The days between 13th and 16th May, 1910 were a poker game as far as Woolwich Arsenal were concerned.
The club had gone into administration. A new club (Arsenal Football and Athletic Club) had been formed and the shares had gone on sale, but the requisite number had not been sold. As with today, shares in a new company can only be offered for a short amount of time. If they are not sold by then, then the share offer has to be withdrawn. The company can only launch if all the shares are sold – and then after that, trading in the shares can begin.
Henry Norris, canny old bird that he was, was jostling for position. He clearly wanted the club, but at his price and on his terms – and there is little doubt that in terms of negotiation he held all the cards.
He was an experienced hard man when it came to doing deals (he was after all a property developer from London, and he was up against a gentleman’s outfitters in a small town in Kent), and he had little to lose. While Leavey, owner of Woolwich Arsenal had a club to which he was devoted, and which was about to cease playing in the league, Norris had only one problem.
The previous season Fulham FC (which Norris already owned) had lost £700, which would equate to just under £1m in today’s money.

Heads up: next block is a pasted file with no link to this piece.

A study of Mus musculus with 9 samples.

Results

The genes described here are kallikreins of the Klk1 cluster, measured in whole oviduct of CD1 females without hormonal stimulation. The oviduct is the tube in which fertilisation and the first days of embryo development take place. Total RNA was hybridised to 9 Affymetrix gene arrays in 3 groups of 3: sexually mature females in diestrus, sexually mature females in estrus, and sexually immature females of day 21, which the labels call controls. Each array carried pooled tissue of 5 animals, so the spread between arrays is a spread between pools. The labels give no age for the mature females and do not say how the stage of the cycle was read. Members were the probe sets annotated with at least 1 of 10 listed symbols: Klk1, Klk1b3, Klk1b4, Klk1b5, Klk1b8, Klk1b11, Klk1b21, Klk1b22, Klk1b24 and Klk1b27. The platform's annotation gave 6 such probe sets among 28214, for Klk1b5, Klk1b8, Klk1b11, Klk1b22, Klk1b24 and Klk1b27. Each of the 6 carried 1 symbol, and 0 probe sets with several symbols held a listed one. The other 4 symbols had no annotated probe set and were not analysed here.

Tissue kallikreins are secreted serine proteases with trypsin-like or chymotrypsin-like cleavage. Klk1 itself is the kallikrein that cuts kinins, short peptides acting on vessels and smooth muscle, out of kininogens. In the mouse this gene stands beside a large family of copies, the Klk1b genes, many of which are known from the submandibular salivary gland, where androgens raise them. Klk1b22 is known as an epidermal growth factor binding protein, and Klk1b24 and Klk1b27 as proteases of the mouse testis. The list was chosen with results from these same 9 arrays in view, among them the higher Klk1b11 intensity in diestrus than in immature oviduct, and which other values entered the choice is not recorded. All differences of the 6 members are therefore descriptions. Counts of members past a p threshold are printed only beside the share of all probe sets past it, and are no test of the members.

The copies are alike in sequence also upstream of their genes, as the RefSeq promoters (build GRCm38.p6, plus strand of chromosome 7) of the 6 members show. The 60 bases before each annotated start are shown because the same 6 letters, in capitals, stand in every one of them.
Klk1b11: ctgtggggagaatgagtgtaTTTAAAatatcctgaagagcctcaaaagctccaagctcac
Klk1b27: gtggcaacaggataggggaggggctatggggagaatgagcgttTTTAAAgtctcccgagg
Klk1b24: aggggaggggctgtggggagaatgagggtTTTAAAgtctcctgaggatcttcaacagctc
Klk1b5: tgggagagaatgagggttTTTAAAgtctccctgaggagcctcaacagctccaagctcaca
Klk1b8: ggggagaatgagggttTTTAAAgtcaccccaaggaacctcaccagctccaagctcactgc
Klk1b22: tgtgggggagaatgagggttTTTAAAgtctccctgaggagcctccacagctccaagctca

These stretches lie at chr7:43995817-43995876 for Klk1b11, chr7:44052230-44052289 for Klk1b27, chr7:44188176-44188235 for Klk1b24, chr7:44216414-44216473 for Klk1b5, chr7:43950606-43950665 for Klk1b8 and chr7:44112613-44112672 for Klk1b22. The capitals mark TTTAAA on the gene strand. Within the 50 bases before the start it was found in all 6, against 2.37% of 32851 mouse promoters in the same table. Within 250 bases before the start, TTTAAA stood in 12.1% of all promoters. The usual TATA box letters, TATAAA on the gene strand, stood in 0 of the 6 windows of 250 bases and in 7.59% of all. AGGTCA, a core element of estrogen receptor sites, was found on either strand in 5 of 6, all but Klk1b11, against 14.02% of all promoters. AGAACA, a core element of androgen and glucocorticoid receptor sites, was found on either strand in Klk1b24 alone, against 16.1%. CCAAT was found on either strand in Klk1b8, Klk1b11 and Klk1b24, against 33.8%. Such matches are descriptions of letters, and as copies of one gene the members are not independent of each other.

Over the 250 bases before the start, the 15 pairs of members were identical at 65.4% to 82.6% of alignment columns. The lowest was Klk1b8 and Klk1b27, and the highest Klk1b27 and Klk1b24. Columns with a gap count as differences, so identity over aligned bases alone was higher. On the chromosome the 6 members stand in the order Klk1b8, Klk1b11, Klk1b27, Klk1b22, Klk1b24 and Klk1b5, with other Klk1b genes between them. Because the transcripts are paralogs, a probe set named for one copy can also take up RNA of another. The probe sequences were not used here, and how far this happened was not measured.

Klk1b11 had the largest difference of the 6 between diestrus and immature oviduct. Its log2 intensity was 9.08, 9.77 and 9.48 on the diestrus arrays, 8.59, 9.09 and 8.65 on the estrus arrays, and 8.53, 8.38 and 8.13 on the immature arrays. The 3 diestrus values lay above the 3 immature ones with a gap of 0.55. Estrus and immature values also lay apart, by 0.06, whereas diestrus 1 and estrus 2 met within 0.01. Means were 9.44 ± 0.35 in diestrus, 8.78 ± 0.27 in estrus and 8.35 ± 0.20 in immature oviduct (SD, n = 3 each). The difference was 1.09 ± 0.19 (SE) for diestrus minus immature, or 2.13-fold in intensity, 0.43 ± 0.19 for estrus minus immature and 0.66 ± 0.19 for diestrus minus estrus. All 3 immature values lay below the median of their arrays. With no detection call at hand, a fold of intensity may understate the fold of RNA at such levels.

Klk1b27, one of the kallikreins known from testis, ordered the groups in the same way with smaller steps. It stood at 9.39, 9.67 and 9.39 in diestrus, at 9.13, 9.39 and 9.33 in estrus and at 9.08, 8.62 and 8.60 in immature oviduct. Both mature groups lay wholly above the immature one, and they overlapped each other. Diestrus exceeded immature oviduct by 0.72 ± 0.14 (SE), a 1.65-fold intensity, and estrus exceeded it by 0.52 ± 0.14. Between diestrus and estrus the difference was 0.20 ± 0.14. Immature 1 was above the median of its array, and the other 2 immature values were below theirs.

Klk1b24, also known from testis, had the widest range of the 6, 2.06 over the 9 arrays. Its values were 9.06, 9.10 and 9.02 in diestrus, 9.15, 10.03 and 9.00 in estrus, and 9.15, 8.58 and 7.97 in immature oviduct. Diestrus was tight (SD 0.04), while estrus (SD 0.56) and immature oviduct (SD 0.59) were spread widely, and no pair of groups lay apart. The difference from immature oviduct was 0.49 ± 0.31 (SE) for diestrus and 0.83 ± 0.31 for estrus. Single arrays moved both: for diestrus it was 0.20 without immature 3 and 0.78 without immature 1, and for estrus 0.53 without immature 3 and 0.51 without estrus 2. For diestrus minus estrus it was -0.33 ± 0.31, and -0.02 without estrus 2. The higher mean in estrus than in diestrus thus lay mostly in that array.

Norris’ scheme was to reduce that debt by having Woolwich Arsenal play on alternate Saturdays at Craven Cottage. Whether Arsenal, under that guise, would be able to stay in Division I for another season is difficult to say, but that was the plan.
(We should also say that Norris wanted to get one over Chelsea FC, who had just gone down to Division II. Norris’ thought that Woolwich Arsenal playing in the First Division, would draw away a fair bit of the crowd from second division Chelsea.)
So, when the Woolwich Arsenal share issue failed, Norris knew he was almost there. But… then a spanner flew into the works.
Norris’ plan was not secret. Anyone who read Athletic News or the daily papers would see the speculation. So Tottenham and Chelsea got involved. How much they really wanted to buy Arsenal, and how much they were just mucking about, we can’t tell. But there were certainly enquiries from both clubs, and it was probably this that made Norris finally make a move.
By Saturday 14th May, 100 years ago, the Times was covering the story , saying that the new Arsenal club had failed. By 16th May it was clear that Tottenham and Chelsea were trying to get involved.
It was then made clear that on 18th May 1910 Woolwich Arsenal’s board would meet the Football League, at the Imperial Hotel in central London, with a view to explaining if the club could go forward for next season. The Imperial Hotel was one of many luxury hotels in London being built at the beginning of the century. Today there are 6 Imperial London Hotels spread across prime locations in Central London. The League were anxious to know because they wanted to settle down and draw up the fixtures for the coming season. If Arsenal were going out of existence then they would have to decide if Chelsea should stay up in the First Division, and if a new club should be promoted to the Second Division from without.
18th May became the new decision day. Everyone waited to see what was going to happen, and there was feverish speculation.